Unemployment rate rises to 3.7% in January
The seasonally adjusted unemployment rate rose to 3.7 per cent in January, according to data released today by the Australian Bureau of Statistics (ABS).
Bjorn Jarvis, ABS head of labour statistics said that: "with employment decreasing by around 11,000 people, and the number of unemployed increasing by 22,000 people, the unemployment rate rose to 3.7 per cent.
"This was the second consecutive monthly fall in seasonally adjusted employment but followed very strong growth during 2022.
"While the employment to population ratio fell between December and January, down 0.2 percentage points to 64.0 per cent, it was still 0.5 percentage points higher than January 2022 and 1.6 percentage points higher than March 2020,” Mr Jarvis said.
Along with a larger-than-usual increase in unemployed people in January, there was also a similarly larger-than-usual rise in the number of unemployed people who had a job to go to in the future.
"January is the most seasonal time of the year in the Australian labour market, with people leaving jobs but also getting ready to start new jobs or return from leave. This January, we saw more people than usual with a job indicating they were starting or returning to work later in the month," Mr Jarvis said.
The seasonally adjusted participation rate fell 0.1 percentage point to 66.5 per cent in January, down from the series high of 66.8 per cent in mid-2022.
Hours worked and annual leave
Seasonally adjusted monthly hours worked decreased by 2.1 per cent, which reflected a higher-than-usual number of people taking annual leave in January.
"Early January is the seasonal peak in people taking annual leave. As in 2021 and 2022, January 2023 again saw more people than usual taking annual leave. Around 43 per cent of employed people worked reduced or no hours because they were on leave, compared with around 41 per cent of employed people over the same period before the pandemic.
In January 2023, the proportion of people away from work on sick leave was back around the average, pre-pandemic level, unlike January 2022, when more people than usual were away from work on sick leave.
Source: Labour Force, Australia Tables 1 and 19
Underemployment and underutilisation
The seasonally adjusted underemployment rate remained at 6.1 per cent, 0.4 percentage points below January 2022.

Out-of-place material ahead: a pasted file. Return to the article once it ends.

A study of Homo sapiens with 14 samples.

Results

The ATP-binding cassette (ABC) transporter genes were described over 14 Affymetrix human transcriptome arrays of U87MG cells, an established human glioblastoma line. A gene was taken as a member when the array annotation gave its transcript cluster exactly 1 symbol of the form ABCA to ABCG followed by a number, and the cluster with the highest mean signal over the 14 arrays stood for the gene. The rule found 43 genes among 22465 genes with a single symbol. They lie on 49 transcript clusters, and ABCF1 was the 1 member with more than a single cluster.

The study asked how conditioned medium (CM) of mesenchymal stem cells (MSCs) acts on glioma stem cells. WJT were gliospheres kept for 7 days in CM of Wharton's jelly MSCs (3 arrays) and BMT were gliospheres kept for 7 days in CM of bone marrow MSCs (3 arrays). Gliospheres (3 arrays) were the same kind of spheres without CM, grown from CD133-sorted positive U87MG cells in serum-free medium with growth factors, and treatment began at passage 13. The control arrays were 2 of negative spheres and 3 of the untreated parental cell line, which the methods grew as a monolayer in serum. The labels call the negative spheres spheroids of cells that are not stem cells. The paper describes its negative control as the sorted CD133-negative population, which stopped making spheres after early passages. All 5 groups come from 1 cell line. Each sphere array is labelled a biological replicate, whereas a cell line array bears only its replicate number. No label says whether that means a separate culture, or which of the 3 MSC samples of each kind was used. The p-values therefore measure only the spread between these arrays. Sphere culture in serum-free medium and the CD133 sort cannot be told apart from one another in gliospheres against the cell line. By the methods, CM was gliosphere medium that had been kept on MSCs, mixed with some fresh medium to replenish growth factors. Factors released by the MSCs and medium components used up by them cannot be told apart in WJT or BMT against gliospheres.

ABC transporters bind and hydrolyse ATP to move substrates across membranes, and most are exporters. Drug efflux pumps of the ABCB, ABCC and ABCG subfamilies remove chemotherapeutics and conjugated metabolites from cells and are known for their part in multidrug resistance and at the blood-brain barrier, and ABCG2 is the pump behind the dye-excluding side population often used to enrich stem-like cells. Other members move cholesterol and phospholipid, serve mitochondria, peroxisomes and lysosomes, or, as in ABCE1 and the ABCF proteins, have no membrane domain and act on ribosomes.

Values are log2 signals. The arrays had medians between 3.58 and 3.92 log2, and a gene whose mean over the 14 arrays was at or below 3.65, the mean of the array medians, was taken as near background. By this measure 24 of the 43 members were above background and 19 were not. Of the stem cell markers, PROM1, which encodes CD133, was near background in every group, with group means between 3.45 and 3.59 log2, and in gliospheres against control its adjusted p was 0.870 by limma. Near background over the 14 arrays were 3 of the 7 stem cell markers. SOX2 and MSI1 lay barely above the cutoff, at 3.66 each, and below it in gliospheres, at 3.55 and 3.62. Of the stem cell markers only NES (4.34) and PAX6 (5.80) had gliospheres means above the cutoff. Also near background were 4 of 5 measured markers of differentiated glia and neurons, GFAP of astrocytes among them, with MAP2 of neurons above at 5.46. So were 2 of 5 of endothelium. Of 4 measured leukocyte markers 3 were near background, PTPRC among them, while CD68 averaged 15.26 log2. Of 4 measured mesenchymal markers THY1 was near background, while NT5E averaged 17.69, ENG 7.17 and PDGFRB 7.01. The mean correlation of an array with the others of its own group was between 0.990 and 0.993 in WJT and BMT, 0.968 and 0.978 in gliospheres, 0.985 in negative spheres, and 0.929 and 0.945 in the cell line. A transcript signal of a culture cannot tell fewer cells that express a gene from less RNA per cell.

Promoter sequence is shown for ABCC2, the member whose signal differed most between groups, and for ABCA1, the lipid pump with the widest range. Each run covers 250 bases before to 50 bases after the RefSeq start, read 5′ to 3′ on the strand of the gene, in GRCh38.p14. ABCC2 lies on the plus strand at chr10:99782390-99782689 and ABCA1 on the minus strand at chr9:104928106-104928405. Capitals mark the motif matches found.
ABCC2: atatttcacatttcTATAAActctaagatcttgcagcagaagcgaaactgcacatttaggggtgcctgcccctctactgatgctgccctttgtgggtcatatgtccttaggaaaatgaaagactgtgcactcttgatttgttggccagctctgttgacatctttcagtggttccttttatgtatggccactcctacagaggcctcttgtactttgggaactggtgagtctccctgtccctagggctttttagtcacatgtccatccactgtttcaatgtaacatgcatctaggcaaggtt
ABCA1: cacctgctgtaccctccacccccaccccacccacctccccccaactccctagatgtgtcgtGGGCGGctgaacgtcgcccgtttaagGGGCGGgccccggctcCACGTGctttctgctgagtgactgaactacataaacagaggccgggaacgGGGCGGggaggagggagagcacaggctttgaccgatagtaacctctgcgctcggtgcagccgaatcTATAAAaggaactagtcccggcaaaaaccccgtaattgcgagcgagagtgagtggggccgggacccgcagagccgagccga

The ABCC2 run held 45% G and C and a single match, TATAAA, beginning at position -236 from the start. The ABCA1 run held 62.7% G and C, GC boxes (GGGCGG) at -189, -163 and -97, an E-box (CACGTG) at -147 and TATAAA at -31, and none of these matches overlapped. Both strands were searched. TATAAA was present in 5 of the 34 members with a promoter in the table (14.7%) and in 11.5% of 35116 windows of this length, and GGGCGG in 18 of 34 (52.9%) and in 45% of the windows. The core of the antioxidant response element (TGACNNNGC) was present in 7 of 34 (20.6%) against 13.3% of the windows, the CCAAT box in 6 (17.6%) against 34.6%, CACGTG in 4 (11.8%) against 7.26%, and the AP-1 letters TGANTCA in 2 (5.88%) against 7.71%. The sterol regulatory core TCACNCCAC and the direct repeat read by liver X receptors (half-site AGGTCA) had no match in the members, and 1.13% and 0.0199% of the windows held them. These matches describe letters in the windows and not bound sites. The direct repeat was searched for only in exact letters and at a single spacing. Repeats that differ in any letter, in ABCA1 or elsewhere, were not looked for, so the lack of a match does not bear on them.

The underutilisation rate, which combines the unemployment and underemployment rates, rose 0.2 percentage points to 9.8 per cent in seasonally adjusted terms. This was 0.9 percentage points lower than January 2022.
Underlying trend data
Trend employment increased by 11,000 people (0.1 per cent) in January 2023, and trend monthly hours worked increased 0.2 per cent.
"The latest monthly increase in trend employment was around half of the monthly average for the 20 years before the pandemic, having been above the average for most of 2022," Mr Jarvis said.
The trend unemployment rate remained at 3.5 per cent for the sixth consecutive month. The trend underemployment rate remained unchanged from December 2022, at 6.1 per cent.
The trend participation rate decreased 0.1 percentage point to 66.5 per cent.
Today's release includes additional analysis of hours worked, insights on job attachment and historical charts back to 1966.
Further information, including regional labour market information, will be available in the upcoming January 2023 issue of Labour Force, Australia, Detailed, due for release on Thursday 23 February 2023.
The ABS would like to thank Australians for their continued support in responding to our surveys.
The January survey reference period was from 1 January to 14 January 2023.
The February survey reference period is from 29 January to 11 February 2023.
To learn more about our different labour measures, their purpose and how to use them, see our new Guide to labour statistics. It provides summary information on labour market topics including Industry employment data.